The research suggests that protein post-workout drinks don’t actually make that much difference to your muscles

Posted on

2 September 2019

Last updated on 3 September 2019
Why Protein Shake is Not the Best Choice for Exercise Recovery?

All Credits: PA

Thanks to practically anything written about fitness on Instagram or online, it’s been drilled into us that no workout is complete until you consume a certain amount of protein straight after.

It’s not always the most convenient thing to cook up a protein-packed meal after going to the gym, which is why so many of us have been turning to shakes to get our fix. While there must be some people who think they’re delicious, protein shakes are often described as tasting ‘chalky’, yet they’ve somehow gained a status of being an essential part of any regular gym-goers diet to aid muscle recovery and reduce any post-workout soreness.


But what if we’ve all got it wrong? According to new research by the University of Lincoln, protein shakes made out of whey or milk (the most common that aren’t vegan) don’t actually speed up muscle recovery, in comparison to a carbohydrate-only drink.

Sports scientists took 30 male participants – who all had at least a year’s resistance training experience – to take part in the blind test. The group was split up into three, and after an intense session at the gym they drank either a whey-protein based shake, a milk-based drink or a flavoured carbohydrate drink.

The results show there was actually no difference in recovery response between the three different drinks – which suggests that downing a protein shake after your workout might not help with muscle soreness and recovery as much as you’re led to believe.

SEE ALSO: What Exactly is Fitness Recovery and How You Can Do It?

Dr Thomas Gee, programme leader of BSc strength and conditioning in sport at the University of Lincoln, said: “While proteins and carbohydrates are essential for the effective repair of muscle fibres following intensive strength training, our research suggests that varying the form of protein immediately following training does not strongly influence the recovery response or reduce muscle pain. We would hypothesise that well balanced daily nutrition practices would influence recovery from delayed onset muscle soreness to a greater extent.”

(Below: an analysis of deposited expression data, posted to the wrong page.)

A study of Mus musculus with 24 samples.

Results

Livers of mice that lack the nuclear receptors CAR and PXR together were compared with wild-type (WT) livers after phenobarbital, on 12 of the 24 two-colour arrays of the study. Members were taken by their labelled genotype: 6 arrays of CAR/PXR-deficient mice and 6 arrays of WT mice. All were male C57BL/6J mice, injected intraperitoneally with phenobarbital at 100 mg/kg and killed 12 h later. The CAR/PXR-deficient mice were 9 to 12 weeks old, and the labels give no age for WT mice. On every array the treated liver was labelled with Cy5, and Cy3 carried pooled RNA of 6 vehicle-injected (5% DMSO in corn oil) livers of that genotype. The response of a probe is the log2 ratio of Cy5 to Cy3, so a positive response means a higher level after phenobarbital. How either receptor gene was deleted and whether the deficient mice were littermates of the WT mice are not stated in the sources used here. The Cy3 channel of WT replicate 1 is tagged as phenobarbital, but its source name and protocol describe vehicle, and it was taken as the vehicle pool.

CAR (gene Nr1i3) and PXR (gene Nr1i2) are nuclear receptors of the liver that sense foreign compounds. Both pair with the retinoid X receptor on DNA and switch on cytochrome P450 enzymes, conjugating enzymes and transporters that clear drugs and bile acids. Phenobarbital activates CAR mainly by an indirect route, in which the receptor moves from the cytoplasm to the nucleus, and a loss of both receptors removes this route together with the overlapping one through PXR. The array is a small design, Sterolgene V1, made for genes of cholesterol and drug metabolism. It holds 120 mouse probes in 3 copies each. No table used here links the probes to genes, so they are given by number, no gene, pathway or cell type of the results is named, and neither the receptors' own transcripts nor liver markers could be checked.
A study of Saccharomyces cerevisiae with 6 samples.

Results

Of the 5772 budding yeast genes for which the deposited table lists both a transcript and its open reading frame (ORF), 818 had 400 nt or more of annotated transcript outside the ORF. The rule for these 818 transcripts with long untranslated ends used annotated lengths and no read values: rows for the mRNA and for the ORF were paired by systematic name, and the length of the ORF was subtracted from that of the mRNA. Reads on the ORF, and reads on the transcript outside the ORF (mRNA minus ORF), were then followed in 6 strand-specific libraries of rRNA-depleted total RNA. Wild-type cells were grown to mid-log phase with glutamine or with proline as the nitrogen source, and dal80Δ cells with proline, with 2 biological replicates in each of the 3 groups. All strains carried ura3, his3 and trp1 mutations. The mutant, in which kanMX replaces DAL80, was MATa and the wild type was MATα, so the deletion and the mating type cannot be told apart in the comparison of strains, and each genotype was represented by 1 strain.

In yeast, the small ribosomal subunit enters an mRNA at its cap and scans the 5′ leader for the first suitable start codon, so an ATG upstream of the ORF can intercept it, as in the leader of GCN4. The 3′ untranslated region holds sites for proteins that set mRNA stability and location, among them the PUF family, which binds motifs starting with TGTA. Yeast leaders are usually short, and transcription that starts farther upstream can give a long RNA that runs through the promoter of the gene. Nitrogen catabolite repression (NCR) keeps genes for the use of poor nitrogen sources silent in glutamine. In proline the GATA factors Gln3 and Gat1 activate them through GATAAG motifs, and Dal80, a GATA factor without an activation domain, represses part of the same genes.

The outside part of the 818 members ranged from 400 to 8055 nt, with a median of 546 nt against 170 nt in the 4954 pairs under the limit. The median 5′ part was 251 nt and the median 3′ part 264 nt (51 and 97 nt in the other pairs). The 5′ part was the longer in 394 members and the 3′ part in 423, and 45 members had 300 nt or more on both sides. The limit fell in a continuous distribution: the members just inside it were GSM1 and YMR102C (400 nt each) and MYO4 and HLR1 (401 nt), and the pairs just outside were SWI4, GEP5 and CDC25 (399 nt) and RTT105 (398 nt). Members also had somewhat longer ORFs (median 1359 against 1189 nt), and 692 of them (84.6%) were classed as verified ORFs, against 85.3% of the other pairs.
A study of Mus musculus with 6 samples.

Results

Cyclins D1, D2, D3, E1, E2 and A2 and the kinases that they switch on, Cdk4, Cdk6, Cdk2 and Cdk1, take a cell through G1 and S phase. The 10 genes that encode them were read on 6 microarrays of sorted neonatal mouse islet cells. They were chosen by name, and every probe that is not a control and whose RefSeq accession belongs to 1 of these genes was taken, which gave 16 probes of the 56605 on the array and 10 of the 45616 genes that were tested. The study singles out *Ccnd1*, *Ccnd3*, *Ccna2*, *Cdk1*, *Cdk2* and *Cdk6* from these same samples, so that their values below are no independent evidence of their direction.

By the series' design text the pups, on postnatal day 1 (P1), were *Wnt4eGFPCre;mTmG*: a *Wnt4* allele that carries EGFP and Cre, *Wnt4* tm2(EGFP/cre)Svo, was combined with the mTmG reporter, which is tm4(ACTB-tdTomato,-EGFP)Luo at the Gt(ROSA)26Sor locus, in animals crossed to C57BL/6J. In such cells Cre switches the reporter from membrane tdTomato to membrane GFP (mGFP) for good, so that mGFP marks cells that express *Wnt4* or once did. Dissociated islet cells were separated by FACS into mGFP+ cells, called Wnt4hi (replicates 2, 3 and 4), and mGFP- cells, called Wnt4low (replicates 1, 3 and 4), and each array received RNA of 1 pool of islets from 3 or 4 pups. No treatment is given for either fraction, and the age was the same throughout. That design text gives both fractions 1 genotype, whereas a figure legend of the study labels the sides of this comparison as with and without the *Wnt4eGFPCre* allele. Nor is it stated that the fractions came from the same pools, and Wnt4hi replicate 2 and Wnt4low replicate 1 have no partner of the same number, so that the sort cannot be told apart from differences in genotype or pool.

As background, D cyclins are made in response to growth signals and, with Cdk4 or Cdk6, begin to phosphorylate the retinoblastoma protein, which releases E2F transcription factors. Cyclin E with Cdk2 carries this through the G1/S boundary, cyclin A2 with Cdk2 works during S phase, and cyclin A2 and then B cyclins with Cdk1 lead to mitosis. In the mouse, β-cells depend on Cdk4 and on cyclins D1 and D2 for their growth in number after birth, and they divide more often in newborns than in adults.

If you are a regular gym-goer, it makes sense that you’d want to fuel yourself in a way which best aids muscle recovery – so you can go back to the gym whenever you want to, without aches and pains getting in your way.

Rob Hobson, registered nutritionist at Healthspan Elite, says: “All protein is required for recovery, so looking for foods that have fuller amino acid profiles such as eggs, oily fish, meat, dairy, and there are some plant-based sources such as soy, quinoa and Quorn which contain all the essential amino acids.”

He adds that research suggests that “omega-3s can help with the delayed onset of muscle soreness and again, you can take this by eating oily fish or via supplements”.

It’s not just protein you need to consider, but other aspects of your diet, like eating the right carbohydrates after training. Hobson explains: “These provide glycogen in the muscle, especially after cardio exercise”.

So it may not necessarily be the best plan to chug a protein shake after your gym session and assume that’s enough – it might be worth looking at the types of food you’re eating all day long to help speed up muscle recovery.